If your sensitive or perfectionist child won’t admit they’re wrong despite evidence, it’s a sign of shame. Here’s what you can do to change the pattern.
Instead of focusing on getting them to admit they’re wrong, focus on their feelings and experience.
Often when a child is wrong, they realize it during your discussion–especially if there’s evidence. However, if they have some shame or are struggling with low confidence or self-esteem, they’ll often keep insisting that they’re right. This is because their sense of self is too fragile to tolerate feeling “wrong”–it’s crushing for them. So they try to save face by insisting they’re right.
Discussions about “right” and “wrong” are always potentially a slippery slope to shame no matter how well we try to handle a situation.
The key is to avoid discussion of right or wrong, and focus instead on needs and experience. For instance, let’s say it’s your child’s turn to take out the trash. They say it’s not, but you know from your observations and your other kids that it is. Start by imagining what they might want/need, and what’s going on emotionally for them.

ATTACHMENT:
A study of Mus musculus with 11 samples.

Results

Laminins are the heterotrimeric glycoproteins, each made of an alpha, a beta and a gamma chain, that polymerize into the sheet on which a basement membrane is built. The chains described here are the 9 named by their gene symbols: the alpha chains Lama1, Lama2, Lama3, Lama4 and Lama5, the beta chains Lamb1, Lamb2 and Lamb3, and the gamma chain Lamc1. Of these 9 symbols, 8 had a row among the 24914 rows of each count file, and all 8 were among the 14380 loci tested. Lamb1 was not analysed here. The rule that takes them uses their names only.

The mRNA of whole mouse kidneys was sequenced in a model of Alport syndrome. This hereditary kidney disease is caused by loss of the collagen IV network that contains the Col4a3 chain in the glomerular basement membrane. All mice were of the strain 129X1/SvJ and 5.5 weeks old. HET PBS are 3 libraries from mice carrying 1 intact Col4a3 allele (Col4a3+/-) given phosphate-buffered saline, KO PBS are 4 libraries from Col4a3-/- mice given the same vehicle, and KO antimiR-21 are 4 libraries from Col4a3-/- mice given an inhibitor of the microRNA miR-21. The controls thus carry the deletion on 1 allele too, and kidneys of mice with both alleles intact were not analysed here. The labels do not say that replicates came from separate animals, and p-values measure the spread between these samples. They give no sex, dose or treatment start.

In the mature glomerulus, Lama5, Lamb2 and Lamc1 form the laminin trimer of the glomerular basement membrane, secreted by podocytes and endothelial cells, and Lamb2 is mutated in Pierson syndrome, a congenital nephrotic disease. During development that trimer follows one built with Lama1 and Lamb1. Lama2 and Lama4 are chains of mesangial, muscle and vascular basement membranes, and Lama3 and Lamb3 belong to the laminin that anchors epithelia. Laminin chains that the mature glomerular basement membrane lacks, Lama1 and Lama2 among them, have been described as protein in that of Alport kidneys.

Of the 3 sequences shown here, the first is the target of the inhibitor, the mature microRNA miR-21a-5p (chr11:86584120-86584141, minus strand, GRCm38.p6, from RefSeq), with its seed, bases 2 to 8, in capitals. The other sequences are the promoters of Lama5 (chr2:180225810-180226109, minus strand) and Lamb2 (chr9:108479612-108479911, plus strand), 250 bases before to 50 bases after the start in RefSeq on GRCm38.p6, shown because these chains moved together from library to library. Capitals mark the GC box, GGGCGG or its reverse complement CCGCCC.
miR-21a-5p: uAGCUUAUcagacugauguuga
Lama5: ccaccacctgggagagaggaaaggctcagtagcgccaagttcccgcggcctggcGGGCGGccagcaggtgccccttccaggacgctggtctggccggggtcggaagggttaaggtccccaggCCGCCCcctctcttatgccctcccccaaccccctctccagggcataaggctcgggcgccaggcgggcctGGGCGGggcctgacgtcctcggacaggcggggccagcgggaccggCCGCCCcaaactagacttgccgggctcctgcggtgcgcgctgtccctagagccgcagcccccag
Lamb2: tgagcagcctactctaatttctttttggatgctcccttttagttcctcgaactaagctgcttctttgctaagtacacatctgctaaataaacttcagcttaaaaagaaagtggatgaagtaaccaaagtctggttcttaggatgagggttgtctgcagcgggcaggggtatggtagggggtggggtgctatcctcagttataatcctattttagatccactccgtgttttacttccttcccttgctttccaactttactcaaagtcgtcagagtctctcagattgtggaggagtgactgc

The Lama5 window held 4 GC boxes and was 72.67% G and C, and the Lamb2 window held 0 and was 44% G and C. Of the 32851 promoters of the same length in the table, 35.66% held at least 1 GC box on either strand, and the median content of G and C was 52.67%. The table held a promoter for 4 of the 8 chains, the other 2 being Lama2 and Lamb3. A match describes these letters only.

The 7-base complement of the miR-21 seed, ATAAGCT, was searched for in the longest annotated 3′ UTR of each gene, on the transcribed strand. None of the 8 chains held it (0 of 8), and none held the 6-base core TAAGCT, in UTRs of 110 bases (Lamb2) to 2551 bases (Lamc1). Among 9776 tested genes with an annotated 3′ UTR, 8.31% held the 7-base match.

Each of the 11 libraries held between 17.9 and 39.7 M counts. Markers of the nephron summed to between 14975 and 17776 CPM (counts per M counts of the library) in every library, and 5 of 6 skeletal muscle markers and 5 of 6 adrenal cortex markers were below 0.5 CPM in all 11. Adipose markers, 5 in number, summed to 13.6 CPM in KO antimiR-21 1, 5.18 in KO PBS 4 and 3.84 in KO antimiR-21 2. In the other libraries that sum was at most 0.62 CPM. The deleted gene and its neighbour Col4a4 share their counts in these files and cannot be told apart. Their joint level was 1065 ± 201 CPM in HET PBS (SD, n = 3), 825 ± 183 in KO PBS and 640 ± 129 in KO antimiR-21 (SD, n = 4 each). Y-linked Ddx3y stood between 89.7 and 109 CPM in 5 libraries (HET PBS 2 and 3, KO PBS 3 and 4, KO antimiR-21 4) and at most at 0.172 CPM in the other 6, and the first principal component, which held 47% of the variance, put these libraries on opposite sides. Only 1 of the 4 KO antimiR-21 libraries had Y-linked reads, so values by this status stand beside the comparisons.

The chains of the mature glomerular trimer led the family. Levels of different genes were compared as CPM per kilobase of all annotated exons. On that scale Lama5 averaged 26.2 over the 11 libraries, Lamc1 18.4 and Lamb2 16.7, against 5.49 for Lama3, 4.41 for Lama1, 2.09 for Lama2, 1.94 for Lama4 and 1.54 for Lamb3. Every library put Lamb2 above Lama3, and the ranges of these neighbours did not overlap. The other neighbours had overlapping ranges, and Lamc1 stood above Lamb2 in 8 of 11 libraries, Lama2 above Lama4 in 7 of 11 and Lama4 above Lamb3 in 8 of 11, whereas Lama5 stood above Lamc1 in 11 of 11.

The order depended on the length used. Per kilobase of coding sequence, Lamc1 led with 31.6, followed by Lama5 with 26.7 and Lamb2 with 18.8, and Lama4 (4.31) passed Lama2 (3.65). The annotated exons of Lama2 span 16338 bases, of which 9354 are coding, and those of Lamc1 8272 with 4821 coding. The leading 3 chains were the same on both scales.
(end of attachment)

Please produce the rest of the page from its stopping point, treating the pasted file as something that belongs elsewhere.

Some possible suggestions for what to say:
- “I can see that you’re having fun playing and were hoping it wasn’t your turn to take out the trash today. How about if I come with you and we sing a song while we’re doing it?” (Empathizing, making light of their error in a way that helps the child feel safe even though they’ve made a mistake)
- If they’re really upset or angry, empathize with how hard it is to do something you don’t feel like doing, and offer support to regulate (e.g., “would you like a hug?”, or “let’s take a few breaths together first”).
This type of empathy will help them regulate in the moment, and will also create the type of emotional safety that helps their shame to heal. I know adults who slip into shame over fear that they’re “wrong” about something. Our history of focusing on right and wrong (instead of needs and emotions) is a major factor contributing to the ubiquity of shame in our culture.
Lastly, you don’t need to worry that they’ll never admit they’re wrong. Ultimately children learn to acknowledge when they’re wrong by experiencing safety and empathy when they’ve made a mistake, not by being forced to admit that they’re wrong.